Author James C. Nicholson’s latest book Racing for America (University Press of Kentucky, 2021) immerses a reader in the “roaring twenties,” a tumultuous decade wedged between the devastation of World War I and the Spanish flu pandemic and the Great Depression of the 1930s. 

The twenties were a time for renewal and high-flying stocks bought with little collateral.  Americans generally rebelled against convention and flouted the Eighteenth Amendment by making bathtub gin and frequenting speakeasies.  Women were exercising their new legal right to vote and many were dancing the Charleston in skimpy flapper outfits that would have been scandalous only a few years before.

Americans were also treated to amazing new technologies like commercial radio.  KDKA in Pittsburgh, Pennsylvania, was the first radio station, with its historic initial broadcast of the Cox-Harding presidential election of 1920.  As a result, it was soon possible for the masses to hear reports about the three major sports of the era–Major League Baseball, boxing, and horse racing.  The fledgling National Football League had been organized in Canton, Ohio, in 1920, but its immense popularity lay far in the future, and the National Basketball League was not founded until 1946.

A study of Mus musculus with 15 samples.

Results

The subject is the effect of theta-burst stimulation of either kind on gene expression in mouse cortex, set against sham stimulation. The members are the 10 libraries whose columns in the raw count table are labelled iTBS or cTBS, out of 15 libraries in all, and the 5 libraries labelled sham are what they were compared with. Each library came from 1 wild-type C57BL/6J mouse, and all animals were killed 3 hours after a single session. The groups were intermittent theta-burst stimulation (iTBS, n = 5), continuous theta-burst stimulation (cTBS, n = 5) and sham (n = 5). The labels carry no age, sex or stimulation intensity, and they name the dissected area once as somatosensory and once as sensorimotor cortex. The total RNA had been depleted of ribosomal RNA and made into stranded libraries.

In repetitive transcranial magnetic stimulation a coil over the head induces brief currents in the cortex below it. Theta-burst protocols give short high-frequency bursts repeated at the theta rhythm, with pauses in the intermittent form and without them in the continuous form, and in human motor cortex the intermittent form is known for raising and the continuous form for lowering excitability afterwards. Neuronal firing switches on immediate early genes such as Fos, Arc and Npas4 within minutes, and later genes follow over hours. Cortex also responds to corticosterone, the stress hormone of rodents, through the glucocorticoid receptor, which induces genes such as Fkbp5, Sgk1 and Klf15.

In this milieu of hope and technological innovation, a horse race, a match race concocted by August Belmont II and featuring the recent Kentucky Derby and Epsom Derby winners, took place.  The equine dual captivated the peoples of the United States and Great Britain in the weeks and days leading up to the event on October 20, 1923 at New York’s Belmont Park. It was not the American Revolution redux, but it definitely stoked competitive juices in both nations, particularly since British bloodstock breeders widely considered American racehorses to be of uncertain and inferior heritage.

Nicholson, who has written three previous books with a horse racing theme, all with historical overlays, has masterfully chronicled the developments and potpourri of inimitable characters associated with the match race between 1923 Kentucky Derby winner Zev and 1923 Epsom Derby winner Papyrus.  He has done so within the context of the often-corrupt politics of the times, mainly because Harry F. Sinclair, the founder of Sinclair Oil and a key player in the infamous Teapot Dome Scandal, owned Zev. 

It is difficult today to imagine the fervor that a match race pitting champion 3-year-old colts from the United States and Great Britain would enflame in both countries.  But it did.  Even if a reader knows the race outcome in advance, knowing does not detract because accounts of interactions among trainers, jockeys, owners, the press, and commentators on both sides of the Atlantic keep the story moving along. 

Almost a hundred years later, the Zev-Papyrus race is still a compelling tale that until now was mostly lost in the passage of time.